Middleton, Melissa K., Zukas, Alicia M., Rubinstein, Tanya, Kinder, Michelle, Wilson, Emma H., Zhu, Peijuan, Blair, Ian A., Hunter, Christopher A., Puré, Ellen
Infection and immunity 2009 v.77 no.12 pp. 5690-5700
Toxoplasma gondii, encephalitis, evolution, immune response, inflammation, interferon-gamma, interleukin-12, lipids, macrophages, mice, morbidity, parasites, splenocytes, toxoplasmosis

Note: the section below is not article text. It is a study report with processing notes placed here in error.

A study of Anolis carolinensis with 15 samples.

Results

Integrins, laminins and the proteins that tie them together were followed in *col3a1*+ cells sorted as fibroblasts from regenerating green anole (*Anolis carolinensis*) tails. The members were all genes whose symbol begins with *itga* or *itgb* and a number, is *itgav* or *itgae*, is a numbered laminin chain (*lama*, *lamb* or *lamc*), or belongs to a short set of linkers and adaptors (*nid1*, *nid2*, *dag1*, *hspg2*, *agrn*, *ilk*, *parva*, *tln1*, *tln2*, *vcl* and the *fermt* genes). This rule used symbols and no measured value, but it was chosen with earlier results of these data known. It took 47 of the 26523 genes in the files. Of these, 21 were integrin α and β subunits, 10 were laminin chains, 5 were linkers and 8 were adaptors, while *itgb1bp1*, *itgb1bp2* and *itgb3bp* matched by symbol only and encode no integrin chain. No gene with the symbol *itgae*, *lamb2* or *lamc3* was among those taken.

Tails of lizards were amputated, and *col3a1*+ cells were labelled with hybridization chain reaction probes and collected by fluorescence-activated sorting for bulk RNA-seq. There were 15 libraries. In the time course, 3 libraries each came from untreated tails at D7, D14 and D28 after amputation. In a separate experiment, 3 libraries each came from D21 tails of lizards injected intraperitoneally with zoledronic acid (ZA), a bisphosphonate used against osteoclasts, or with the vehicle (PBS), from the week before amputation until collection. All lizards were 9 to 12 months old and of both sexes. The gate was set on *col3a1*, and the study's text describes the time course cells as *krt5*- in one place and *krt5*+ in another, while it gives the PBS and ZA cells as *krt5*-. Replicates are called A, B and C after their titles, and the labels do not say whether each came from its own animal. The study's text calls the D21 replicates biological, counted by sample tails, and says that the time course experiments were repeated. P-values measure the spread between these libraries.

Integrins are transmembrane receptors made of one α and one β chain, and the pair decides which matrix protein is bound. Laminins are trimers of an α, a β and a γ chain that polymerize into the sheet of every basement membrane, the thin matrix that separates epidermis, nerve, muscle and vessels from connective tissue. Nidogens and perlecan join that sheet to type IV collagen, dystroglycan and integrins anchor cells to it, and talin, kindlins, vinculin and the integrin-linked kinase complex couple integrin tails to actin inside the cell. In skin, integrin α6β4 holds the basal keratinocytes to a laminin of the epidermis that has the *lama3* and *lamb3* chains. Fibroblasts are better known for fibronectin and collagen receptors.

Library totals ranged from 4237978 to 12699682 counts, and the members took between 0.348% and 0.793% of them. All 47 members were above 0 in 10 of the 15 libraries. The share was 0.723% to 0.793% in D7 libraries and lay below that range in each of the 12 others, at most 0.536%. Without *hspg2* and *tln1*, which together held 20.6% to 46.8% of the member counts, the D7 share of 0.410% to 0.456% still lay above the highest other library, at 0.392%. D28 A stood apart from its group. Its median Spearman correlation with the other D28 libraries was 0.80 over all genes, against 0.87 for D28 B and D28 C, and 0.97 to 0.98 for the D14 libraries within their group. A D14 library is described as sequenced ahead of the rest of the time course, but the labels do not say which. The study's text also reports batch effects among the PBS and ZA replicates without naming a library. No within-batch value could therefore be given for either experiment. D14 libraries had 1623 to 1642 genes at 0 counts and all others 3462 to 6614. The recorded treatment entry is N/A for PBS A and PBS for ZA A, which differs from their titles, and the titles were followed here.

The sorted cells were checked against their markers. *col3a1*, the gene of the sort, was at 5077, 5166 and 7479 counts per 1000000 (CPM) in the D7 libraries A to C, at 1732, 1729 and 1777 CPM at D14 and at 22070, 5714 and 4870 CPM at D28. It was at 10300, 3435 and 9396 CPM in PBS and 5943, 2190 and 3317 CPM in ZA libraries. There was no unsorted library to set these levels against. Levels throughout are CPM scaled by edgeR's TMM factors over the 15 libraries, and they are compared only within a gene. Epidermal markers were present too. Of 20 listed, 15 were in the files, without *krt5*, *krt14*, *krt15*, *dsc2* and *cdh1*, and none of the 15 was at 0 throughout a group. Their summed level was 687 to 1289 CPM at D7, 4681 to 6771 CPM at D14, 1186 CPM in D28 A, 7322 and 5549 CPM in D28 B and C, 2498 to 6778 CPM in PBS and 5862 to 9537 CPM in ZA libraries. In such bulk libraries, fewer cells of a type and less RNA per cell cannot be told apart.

Interleukin-12 (IL-12) is critical for resistance to Toxoplasma gondii during both the acute and chronic stages of infection. However, the cellular and molecular pathways that regulate IL-12 production during chronic toxoplasmosis are incompletely defined. We recently discovered that 12/15-lipoxygenase (12/15-LOX), which oxidizes unsaturated lipids in macrophages, is a novel and selective regulator of IL-12 production. We now demonstrate the essential role of this enzyme in the chronic phase of toxoplasmosis. Although 12/15-LOX-deficient mice were resistant to acute T. gondii infection, 80% of 12/15-LOX-deficient mice died during chronic toxoplasmosis, compared to no deaths in wild-type controls. The morbidity of chronically infected 12/15-LOX mice was associated with an increase in brain inflammation and parasite burden. These data suggest that the evolution of the immune response to T. gondii is accompanied by an increasing requirement for 12/15-LOX-mediated signaling. Consistent with this conclusion, 12/15-LOX activity was enhanced during chronic, but not acute, toxoplasmosis. Furthermore, the enhanced susceptibility of 12/15-LOX-deficient mice to chronic toxoplasmosis was associated with reduced production of IL-12 and gamma interferon (IFN-γ) that was not evident during acute infection. Importantly, ex vivo IFN-γ production by 12/15-LOX-deficient splenocytes could be rescued by the addition of recombinant IL-12. These data establish that 12/15-LOX is a critical mediator of the chronic type 1 inflammatory response and that immune mediators can be subject to distinct cellular and/or molecular mechanisms of regulation at different stages of inflammation.